Some pain after surgery is normal and unavoidable, that said, these days we have a number of ways of ensuring that post-operative pain is manageable. You may have had a nerve block placed by the anaesthetist or some local anaesthetic put in around the site of your surgery. This is very effective in the first 6-12 hours following surgery but as it wears off it is important start to take some analgesia so that you don’t get a shock when the block wears off completely.
Depending on your procedure, you will be given a prescription for analgesia to take once you are home. Simple analgesia like paracetamol and anti-inflammatories are often enough to manage pain after minor procedures, but even after more extensive surgery, these will help to manage your pain and significantly reduce the amount of stronger pain-killers required.
Stronger analgesia usually involves the use of opioid medications such as Oxycodone (Endone) or some of the newer agents like Tramadol (Tramal) or Tapentadol (Palexia). These medications are very effective at controlling pain but can have side effects such as nausea, vomiting, constipation, confusion and sleepiness. Every patient is different but it is important to try to minimise the use of these medications to limit side effects but also to reduce problems with tolerance (opioids lose their effectiveness the more that you use them).
If your pain is not adequately managed post-operatively or if you are experiencing significant side effects please contact the hospital and they can get in touch with Mr Sethi.
Swelling Management after Foot/Ankle Procedures
Keeping swelling to a minimum post-operatively is important to achieve wound healing. Rest and elevation of the affected leg are the most important things you can do to minimise swelling.
Resting your part. It is important to rest especially after a foot/ankle surgery. Some practical tips include:
- Take a one- two weeks off work.
- Make sure you have family or friends around who are willing to help with tasks around the house.
- Consider organising a short-term meal delivery service or house cleaning assistance.
Elevation is another simple measure that will have a dramatic effect on post-operative swelling. Following procedures, the easiest and most effective method of elevation is to rest leg on a few pillows or cushions when lying down. Using a stool while you are sitting on couch can also be helpful.
Casts, Backslabs, Surgical shoes and Braces
After certain Foot/Ankle and Knee procedures, your leg will be placed in a temporary plaster splint (backslab). This is to give your limb a chance rest in a position that is comfortable and functional. If your leg requires longer-term support, this plaster backslab will usually be replaced with a brace after followup consultation.
While you have a plaster backslab on, it is important to keep your slab and bandages dry. If your plaster does inadvertently get wet, please contact us so that we can organise a review or earlier conversion to a Brace.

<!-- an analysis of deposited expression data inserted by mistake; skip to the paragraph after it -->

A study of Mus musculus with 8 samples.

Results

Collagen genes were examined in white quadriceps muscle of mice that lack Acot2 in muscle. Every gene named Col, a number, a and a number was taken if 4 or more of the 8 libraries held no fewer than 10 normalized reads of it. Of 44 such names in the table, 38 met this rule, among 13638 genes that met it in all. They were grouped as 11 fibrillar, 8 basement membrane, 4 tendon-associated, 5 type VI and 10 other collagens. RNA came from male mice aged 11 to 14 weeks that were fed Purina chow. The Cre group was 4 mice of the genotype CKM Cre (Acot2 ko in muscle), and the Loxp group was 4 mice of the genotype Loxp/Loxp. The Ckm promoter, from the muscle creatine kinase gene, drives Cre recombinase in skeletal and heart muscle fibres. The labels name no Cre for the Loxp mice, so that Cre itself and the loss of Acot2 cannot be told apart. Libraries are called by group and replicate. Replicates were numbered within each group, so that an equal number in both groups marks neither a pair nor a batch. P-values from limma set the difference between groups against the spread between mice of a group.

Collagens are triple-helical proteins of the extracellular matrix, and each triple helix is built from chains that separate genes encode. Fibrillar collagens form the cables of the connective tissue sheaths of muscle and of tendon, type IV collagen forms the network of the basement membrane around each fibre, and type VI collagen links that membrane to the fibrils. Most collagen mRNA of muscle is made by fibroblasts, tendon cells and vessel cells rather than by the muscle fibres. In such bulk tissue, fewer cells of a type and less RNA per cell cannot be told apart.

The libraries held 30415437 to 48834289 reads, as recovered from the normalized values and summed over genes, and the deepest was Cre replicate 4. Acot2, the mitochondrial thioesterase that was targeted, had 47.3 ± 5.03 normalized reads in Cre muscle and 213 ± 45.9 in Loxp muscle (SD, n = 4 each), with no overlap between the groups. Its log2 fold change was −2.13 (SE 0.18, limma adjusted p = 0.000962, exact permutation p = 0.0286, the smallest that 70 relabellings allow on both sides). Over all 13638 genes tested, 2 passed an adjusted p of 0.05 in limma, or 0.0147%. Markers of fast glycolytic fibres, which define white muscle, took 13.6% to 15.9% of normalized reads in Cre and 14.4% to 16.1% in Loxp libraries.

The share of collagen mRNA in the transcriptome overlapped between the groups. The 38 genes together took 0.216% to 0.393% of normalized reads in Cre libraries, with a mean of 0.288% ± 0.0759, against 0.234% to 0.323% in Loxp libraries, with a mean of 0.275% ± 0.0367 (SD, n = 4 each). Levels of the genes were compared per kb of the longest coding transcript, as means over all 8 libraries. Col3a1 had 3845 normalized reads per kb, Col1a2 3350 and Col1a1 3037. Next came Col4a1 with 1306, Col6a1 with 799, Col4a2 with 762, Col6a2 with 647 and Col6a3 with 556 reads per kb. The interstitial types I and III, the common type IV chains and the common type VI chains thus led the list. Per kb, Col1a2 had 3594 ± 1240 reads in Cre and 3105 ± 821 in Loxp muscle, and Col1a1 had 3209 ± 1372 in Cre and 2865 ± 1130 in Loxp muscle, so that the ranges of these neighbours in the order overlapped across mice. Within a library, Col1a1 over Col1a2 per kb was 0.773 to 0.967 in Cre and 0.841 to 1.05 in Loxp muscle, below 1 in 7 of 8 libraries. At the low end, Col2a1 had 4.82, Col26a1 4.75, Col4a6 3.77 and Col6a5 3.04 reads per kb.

At the time your splint is fitted, your therapist will explain how to use your splint properly – when to take it off, how to put it back on, and what exercises you can be doing post-operatively. We find that the better patients understand the condition and rehabilitation, the better the results that can be achieved. It is important therefore to ask your therapist or Mr Sethi if at any point you are unsure of what you should and should not be doing as part of your rehabilitation.
When you are discharged from hospital you will have dressings applied to any surgical wounds. Mr Sethi chooses very specific post-operative dressings to optimise wound healing as well as maintain mobility and visibility of the surgical site. These dressings are designed to be left intact and undisturbed until your post-operative review.
Should you, your therapist or your GP have any concerns about your dressing or wound prior to your first post-operative review please let the rooms know immediately. In particular, please do not start any antibiotics without first contacting Mr Sethi – these can make the diagnosis of post-operative infection particularly difficult.
We are dedicated to supporting you through every part of your recovery and will always be happy to discuss any concerns over the phone or schedule an urgent review if required.
Your follow up appointments will usually be booked even before you surgery is performed and these will be confirmed with you when you are discharged. Sometimes, for patients from regional areas, we will plan simple post-operative follow up with your local GP to avoid unnecessary travel. If you are unsure of your follow up arrangements or if you can’t attend on of your appointments for whatever reason, please contact us and we will be able to help.